The Science of Shopping at the New Bi-Rite Market

Categories: Shopping

bi-rite deli divisadero.jpg
Anna Roth
The deli counter at the new Bi-Rite Market on Divisadero.
Bi-Rite on 18th Street, a hot Friday afternoon, is bedlam. You'll hear conversations on beef cuts and see shoppers elbowing for real estate at the deli, standing before the wine shelves with a practiced look of helplessness in hopes of attracting an employee for help, and eye-gouging toddlers with the sharp corners of their messenger bags. As a member of society who never misses an opportunity to mock and scorn a stranger, I like to sigh with exasperation while pushing past new customers wandering the store devoid of clear intent.

See also: Bi-Rite Opens Second Location, Divisadero Will Never Be the Same
Bi-Rite Creamery's Secrets Revealed In New Book
Bi-Rite Market's Eat Good Food Brings More Than Recipes to the Table

The minds behind Bi-Rite are blameless for this mayhem, of course. The location at 18th Street opened in 1940, before slack lines and craft beer came to Dolores Park. Through the decades, the shop's space accommodated the customers. With a surrounding population suffering from culinary prurience, myself included, Bi-Rite has, through unflappable customer service and delicious food, become a beacon for anyone in San Francisco with functioning tastebuds and an apartment with at least a hot plate.

Two weeks ago, Bi-Rite expanded to a new location on Divisidero, next to the restaurant Nopa. The building was one of the original Safeways, but any traces of that institution are gone. The space is now a cathedral-ceilinged display of kale, spelt bread, and brownie sundaes. Everything that makes the 18th Street location seductive and lucrative is here on Divis, but with electric sliding doors and shelving deliberately constructed to move customers through the store efficiently.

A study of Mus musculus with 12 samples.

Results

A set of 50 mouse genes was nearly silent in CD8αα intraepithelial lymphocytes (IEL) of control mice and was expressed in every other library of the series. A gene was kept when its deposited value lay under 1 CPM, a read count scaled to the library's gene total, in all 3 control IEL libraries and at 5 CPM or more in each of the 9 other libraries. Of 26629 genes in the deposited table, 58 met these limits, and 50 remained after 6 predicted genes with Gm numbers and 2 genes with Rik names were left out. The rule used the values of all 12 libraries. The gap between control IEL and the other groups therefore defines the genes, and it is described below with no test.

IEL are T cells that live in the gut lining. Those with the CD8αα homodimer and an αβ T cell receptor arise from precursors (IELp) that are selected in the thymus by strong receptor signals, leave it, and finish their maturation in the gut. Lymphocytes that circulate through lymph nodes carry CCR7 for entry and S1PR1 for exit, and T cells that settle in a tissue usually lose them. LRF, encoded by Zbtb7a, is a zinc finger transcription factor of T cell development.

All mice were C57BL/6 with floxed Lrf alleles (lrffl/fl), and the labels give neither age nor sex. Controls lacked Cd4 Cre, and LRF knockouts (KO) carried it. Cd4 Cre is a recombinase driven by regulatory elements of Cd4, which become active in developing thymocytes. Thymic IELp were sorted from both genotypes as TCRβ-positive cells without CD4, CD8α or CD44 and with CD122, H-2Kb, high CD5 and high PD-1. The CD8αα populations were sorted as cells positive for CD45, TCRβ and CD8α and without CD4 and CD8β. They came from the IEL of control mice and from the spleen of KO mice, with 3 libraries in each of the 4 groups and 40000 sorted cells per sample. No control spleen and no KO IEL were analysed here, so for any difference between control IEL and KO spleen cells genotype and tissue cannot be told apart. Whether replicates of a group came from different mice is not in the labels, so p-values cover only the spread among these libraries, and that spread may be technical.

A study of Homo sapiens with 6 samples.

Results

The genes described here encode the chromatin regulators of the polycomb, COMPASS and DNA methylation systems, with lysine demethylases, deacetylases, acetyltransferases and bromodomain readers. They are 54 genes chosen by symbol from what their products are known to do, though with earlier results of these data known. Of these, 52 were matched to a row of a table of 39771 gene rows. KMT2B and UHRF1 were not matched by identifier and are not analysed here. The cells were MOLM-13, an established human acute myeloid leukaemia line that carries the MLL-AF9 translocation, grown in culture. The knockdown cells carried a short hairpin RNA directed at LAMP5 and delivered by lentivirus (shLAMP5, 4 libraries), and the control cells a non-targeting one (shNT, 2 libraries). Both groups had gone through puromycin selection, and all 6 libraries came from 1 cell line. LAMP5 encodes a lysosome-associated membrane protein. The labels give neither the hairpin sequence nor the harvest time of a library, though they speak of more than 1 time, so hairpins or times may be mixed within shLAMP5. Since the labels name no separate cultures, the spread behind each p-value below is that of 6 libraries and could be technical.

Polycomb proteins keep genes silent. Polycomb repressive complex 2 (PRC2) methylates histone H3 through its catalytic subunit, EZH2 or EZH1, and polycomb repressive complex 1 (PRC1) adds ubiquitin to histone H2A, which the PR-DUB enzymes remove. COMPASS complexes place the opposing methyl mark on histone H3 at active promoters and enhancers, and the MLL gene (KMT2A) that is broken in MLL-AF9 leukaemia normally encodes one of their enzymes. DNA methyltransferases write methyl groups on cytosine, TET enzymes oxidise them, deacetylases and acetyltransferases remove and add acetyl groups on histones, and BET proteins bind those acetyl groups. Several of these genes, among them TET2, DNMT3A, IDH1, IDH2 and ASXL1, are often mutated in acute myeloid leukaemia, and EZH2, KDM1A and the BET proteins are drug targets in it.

"The theme for this location was the flow of guests," said Kirsten Bourne, marketing director of Bi-Rite. "For example, the produce section has no dead end and the aisle is much wider [than at 18th Street]." Visit both locations in a weekend and you'll see the differences, like how they put the cheese counter next to the deli so staff can hand out samples from both sections, or how the prepared food is in the same aisle as the queue to order sandwiches -- you can turn around to snag chicken liver paté or lentil salads while they build your bahn mi.

Ice cream factored into the layout, too. The Divis location has a scoop shop like the 18th Street creamery to the immediate right as you enter the store. By placing it here, the inevitable queue can form and spill outside and down the sidewalk without interrupting shoppers. As for the store-bought goods, "We were careful to have the pints of ice cream at check out," Bourne said. "People didn't see the selection in the back at 18th Street."

What's dastardly is how once you've received your ice cream sundae, you're released into a space where you're unclear of what to do next. At the original creamery, there are seats inside and out, and a nearby park in which to gallivant. But with Divisidero's car traffic and narrow sidewalk, relaxing is difficult unless you want to schlep to Alamo Square. So, as one does when idle and presented with well-lit goods, you shop. As someone who, when I lived near Dolores Park, had a five-day-a-week brownie sundae habit (get it with berry compote instead of the caramel and thank me), I went in for ice cream and, inspired by nutritional compunction, bought kale and spinach. The produce next to the ice cream cashier does that to you, and probably by design.